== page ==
The owner of a heritage building knocked down in inner city Auckland hours after large cracks were found in the walls has asked his lawyers to look at legal action against the new Auckland Council for compensation.
The 124-year-old Palace Hotel on Victoria Street was reduced to a pile of rubble and bricks early today, hours after the cracks were found in the walls facing Victoria St.
Part owner Michael Chow, who bought the hotel for $3.3 million with his brother John in 2008, told NZPA he was not consulted before the council ordered the building demolished because it was unsafe and posed a threat to people and other buildings.
He said the old hotel, which was being revamped as an upmarket brothel, was knocked down without his permission and when he tried to talk to Auckland council chief executive Doug McKay before it was knocked down, Mr McKay walked away.
His version was at odds with Mr McKay's who said the owners were consulted.
Mr Chow said he was consulting his legal team after the council "jumped the gun".
"I never got served a notice in writing that my building was to be pulled down. They just went ahead and did it.
"I consulted my lawyer and he said they needed my permission before they are allowed to pull it down," Mr Chow said.
He could not say how much he might seek from the council but said he had spent "multi-million dollars" on the building. The project had a $10m budget and his company, the Chow Group planned to open the brothel in time for the Rugby World Cup next year.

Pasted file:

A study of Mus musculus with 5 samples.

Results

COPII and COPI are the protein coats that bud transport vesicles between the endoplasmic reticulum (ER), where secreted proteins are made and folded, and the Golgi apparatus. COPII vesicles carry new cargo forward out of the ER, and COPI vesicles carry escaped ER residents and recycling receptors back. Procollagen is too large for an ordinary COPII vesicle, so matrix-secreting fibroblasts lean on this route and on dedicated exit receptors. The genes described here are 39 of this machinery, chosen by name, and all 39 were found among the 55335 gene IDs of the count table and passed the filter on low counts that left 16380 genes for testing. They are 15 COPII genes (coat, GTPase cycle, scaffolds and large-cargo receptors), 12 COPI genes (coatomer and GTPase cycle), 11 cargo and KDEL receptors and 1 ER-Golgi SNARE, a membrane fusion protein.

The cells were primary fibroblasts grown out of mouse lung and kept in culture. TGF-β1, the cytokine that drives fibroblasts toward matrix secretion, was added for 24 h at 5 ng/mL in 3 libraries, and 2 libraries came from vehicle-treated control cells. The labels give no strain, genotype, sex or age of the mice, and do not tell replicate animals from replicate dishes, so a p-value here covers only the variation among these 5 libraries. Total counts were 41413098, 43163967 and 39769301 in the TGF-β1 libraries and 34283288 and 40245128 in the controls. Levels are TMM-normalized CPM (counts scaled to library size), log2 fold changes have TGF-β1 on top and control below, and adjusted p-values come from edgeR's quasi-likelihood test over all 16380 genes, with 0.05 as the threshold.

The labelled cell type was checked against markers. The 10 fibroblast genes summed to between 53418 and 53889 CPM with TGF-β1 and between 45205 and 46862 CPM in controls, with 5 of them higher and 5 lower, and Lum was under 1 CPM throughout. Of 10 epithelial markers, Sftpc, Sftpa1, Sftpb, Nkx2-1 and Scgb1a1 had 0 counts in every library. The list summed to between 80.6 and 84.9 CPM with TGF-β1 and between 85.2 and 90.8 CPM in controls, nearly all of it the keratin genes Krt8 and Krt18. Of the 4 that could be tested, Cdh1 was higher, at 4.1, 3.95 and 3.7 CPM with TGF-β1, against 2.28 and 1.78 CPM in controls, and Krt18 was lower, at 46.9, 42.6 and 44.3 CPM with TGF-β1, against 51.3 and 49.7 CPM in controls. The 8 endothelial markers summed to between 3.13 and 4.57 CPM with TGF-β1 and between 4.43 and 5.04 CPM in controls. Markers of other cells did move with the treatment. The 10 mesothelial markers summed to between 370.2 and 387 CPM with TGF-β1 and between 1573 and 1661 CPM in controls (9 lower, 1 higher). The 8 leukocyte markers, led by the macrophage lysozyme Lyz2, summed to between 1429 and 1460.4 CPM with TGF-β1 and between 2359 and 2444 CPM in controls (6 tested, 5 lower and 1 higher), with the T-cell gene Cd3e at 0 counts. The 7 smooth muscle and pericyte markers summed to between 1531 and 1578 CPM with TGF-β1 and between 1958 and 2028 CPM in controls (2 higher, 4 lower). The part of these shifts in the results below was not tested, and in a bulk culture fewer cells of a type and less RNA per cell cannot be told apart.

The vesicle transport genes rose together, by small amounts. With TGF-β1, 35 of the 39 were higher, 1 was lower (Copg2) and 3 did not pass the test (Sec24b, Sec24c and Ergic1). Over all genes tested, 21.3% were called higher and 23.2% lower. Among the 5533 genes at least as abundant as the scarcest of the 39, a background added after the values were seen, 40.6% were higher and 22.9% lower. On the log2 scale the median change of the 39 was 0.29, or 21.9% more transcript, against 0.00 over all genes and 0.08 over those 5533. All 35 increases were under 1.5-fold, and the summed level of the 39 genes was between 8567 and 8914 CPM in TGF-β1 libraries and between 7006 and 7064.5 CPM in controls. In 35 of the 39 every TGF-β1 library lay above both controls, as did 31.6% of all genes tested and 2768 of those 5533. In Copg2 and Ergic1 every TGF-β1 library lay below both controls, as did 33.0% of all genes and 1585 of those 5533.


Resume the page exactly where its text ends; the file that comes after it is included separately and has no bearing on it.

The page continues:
In a statement today Mr McKay said he regretted the decision had to be made to demolish the old building but the council had no choice.
"All reasonable steps were taken to reach a sound decision, including the advice of engineers who strongly advised that the movement of the building posed a serious threat to public safety," he said.
The cracks were noticed about 4pm and the area was immediately cordoned off, causing peak-hour traffic congestion as the city began to empty out after the business day.
The building continued to move throughout the night and Mr McKay said by midnight it had moved 90mm and windows were breaking spontaneously as more and more stress was placed on the structure. Council officials and engineers were understood to be worried it would not last until daylight and was in danger of imminent collapse.
"After all the options were considered the final decision to demolish had to be made in the interest of preventing the building from collapse and becoming a risk to the public and surrounding buildings," Mr McKay said.
"It's always a tragedy to lose a piece of Auckland's heritage but public safety had to come first."
He said the council worked closely with police, fire service, civil defence and Auckland Transport to clear and evacuate the area and some local residents were sent to hotels for the night.
Mr McKay said the owners were consulted throughout the process and were well aware of the inevitability of the council decision to demolish the building.
Their feedback was actively sought prior to the final decision. Mr McKay said an inquiry into what happened had begun and the council would not make further comment until the investigation was completed.